Canadian technologies to develop clean energy sources have benefited from business opportunities in Taiwan, and new firms will be established early next year in the Southern Taiwan Science Park, the Taipei Times learned yesterday from high-ranking officials from both sides.
The 1997 Kyoto Protocol, which regulates the reduction of greenhouse gas emissions to slow global warming, will come into effect early next year.
Industrialized countries that are signatories to the treaty have pledged to cut their greenhouse gas emissions by certain percentages relative to their emission levels in 1990. The target levels should be reached between 2008 and 2012.
At a press conference held in Taipei yesterday, Arthur Carty, Canada's National Science Advisor, said Canada has already developed mature alternative technologies, including biomass power generation and fuel-cell technology.
"These are possible areas we can discuss more in the near future," Carty said.
According to Natural Resources Canada, the nation's Renewable Energy Strategy was established in 1996 to promote the use of renewable energy sources and establish strong partnerships with manufacturers, communities, federal and provincial departments and environmental groups. The strategy offers a blueprint for cooperative action with stakeholders to accelerate the development and commercialization of renewable energy technologies.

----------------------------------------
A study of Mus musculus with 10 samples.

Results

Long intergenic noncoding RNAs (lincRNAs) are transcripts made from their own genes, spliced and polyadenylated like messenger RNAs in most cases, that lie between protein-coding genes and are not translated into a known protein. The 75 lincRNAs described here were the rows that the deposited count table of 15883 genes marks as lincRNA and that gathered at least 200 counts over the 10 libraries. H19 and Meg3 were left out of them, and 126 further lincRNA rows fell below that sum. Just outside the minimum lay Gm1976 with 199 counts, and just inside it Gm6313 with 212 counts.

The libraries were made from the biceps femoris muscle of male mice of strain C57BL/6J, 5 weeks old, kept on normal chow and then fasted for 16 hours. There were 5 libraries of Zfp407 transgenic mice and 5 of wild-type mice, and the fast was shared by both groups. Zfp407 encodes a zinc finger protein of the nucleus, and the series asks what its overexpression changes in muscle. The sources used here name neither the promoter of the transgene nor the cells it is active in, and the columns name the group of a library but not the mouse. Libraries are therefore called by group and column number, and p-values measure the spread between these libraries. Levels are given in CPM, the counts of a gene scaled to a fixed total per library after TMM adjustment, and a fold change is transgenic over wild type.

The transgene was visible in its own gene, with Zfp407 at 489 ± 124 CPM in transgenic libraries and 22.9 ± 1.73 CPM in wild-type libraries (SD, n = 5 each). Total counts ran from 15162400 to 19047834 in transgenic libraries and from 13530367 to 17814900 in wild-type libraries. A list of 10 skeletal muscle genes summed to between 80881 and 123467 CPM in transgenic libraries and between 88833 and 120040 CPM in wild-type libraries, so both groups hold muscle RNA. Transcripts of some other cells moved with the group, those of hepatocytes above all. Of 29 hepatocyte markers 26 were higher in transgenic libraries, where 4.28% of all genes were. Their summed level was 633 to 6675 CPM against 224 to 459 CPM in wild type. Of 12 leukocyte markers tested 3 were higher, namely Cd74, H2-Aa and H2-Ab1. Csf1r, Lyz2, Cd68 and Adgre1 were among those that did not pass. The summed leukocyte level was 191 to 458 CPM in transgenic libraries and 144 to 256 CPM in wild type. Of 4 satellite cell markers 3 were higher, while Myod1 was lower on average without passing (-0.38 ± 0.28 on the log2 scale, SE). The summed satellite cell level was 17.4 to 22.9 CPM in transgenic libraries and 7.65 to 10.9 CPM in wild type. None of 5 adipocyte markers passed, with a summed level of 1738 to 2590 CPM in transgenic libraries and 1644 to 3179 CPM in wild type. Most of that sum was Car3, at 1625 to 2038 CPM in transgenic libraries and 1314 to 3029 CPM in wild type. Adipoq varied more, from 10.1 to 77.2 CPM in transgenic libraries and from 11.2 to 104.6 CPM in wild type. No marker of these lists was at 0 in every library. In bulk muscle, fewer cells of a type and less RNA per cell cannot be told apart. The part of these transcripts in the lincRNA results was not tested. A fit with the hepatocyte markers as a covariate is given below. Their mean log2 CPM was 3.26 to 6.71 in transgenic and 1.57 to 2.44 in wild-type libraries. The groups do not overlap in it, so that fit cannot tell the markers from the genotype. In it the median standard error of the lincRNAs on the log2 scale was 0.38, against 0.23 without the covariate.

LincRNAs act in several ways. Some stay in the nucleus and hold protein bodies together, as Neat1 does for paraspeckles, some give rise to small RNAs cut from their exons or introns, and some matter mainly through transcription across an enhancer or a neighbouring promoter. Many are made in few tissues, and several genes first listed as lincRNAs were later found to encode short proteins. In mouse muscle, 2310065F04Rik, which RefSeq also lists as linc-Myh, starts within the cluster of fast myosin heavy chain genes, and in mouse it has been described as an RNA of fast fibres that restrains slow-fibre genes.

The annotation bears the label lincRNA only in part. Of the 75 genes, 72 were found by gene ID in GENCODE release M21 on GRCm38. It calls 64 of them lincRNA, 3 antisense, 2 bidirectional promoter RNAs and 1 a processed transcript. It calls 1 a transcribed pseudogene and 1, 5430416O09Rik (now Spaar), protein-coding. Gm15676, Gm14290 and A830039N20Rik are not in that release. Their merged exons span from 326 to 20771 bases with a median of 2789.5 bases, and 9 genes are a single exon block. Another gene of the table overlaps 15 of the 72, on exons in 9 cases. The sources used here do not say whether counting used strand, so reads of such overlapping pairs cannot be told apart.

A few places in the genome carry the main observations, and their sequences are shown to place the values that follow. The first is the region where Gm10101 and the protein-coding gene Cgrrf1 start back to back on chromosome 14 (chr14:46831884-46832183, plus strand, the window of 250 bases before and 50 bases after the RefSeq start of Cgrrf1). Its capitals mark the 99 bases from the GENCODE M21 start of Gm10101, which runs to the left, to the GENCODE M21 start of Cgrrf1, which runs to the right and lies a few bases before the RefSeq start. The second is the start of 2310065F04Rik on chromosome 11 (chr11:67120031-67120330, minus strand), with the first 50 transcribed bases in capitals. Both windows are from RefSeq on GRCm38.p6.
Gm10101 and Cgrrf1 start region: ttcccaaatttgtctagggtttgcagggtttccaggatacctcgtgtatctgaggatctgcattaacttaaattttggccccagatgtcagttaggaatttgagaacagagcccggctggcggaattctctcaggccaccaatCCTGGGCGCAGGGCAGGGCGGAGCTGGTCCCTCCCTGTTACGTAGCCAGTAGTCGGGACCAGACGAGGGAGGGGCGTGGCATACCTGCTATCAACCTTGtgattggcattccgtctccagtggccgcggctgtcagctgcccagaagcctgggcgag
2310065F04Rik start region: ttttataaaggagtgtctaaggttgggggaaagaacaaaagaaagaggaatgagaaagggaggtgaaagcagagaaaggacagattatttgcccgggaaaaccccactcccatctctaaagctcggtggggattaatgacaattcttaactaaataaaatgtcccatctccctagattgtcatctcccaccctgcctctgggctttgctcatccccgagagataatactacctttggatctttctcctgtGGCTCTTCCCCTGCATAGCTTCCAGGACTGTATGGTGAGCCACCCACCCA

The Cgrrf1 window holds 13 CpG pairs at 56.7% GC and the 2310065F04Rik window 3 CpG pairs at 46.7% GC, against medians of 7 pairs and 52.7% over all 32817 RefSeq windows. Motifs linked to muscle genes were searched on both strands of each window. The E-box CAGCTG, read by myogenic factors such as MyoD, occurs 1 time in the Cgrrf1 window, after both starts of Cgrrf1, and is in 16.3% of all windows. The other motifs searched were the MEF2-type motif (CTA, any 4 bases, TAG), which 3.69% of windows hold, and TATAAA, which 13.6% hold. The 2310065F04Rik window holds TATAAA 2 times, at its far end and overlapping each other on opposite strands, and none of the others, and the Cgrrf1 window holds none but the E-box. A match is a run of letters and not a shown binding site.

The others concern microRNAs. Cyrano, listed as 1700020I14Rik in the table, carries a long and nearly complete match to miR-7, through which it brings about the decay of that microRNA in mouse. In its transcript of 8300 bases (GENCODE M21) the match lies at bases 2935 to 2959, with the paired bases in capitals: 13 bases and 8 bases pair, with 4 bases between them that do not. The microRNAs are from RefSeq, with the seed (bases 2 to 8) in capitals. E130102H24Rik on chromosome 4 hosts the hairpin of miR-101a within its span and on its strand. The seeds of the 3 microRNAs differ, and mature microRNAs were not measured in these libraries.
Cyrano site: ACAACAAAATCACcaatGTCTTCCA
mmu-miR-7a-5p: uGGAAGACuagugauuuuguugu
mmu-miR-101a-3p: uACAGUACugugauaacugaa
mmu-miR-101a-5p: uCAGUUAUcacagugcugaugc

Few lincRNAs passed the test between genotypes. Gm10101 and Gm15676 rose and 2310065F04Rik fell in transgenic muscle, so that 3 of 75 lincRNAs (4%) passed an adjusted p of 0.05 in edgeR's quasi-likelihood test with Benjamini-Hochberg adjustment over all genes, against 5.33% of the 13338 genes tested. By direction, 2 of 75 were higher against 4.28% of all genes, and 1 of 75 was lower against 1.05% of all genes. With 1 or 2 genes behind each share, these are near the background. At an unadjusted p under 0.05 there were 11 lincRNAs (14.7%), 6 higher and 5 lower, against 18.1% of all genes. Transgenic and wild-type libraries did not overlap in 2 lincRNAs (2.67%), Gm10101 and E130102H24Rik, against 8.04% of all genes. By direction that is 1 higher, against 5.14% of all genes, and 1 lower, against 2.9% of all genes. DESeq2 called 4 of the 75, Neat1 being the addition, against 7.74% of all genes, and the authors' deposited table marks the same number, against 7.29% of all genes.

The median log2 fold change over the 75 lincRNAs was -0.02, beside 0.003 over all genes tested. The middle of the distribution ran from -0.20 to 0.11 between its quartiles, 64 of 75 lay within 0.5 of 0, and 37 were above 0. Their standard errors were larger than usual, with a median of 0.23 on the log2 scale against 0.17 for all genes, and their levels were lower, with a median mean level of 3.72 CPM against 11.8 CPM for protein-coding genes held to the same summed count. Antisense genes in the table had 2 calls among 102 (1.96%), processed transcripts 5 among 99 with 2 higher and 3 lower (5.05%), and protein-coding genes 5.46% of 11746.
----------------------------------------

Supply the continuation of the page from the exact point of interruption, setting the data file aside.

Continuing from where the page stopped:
Tai Chien (戴謙), director general of Southern Taiwan Science Park Administration, said that Canadian Palcan Fuel Cells has transferred relevant technologies to Taiwan's Ballean Fuel Cell Co, which will start operations in the park next year.
"We've seen signs of growth among firms involving energy-related industries in Taiwan," Tai said yesterday.
The collaboration on scientific research and technological innovation between Taiwan's National Science Council (NSC) and Canada's National Research Council (NRC) began in 1997.
According to NSC deputy chairman Shieh Ching-jyh (
"The collaboration between Taiwan and Canada will be further strengthened in the following years by focusing on promising fields, including energy, nanotechnology, biotech and communications," Shieh said.
Carty, a former president of the NRC, said that Canada's government is deeply committed to an agenda of innovation, and to support excellence in science and technology that benefits society and the economy.
"We hope to transfer Taiwan's experience in building technology clusters to Canada," Carty said.
He attributed the success of Taiwan's science parks to well-designed national policies which promote strong support.
Carty yesterday also met high-ranking officials from the Ministry of Economic Affairs in a bid to promote two-way investment, as well as other commercial partnerships between Canada and Taiwan, particularly in areas relevant to technology and innovation.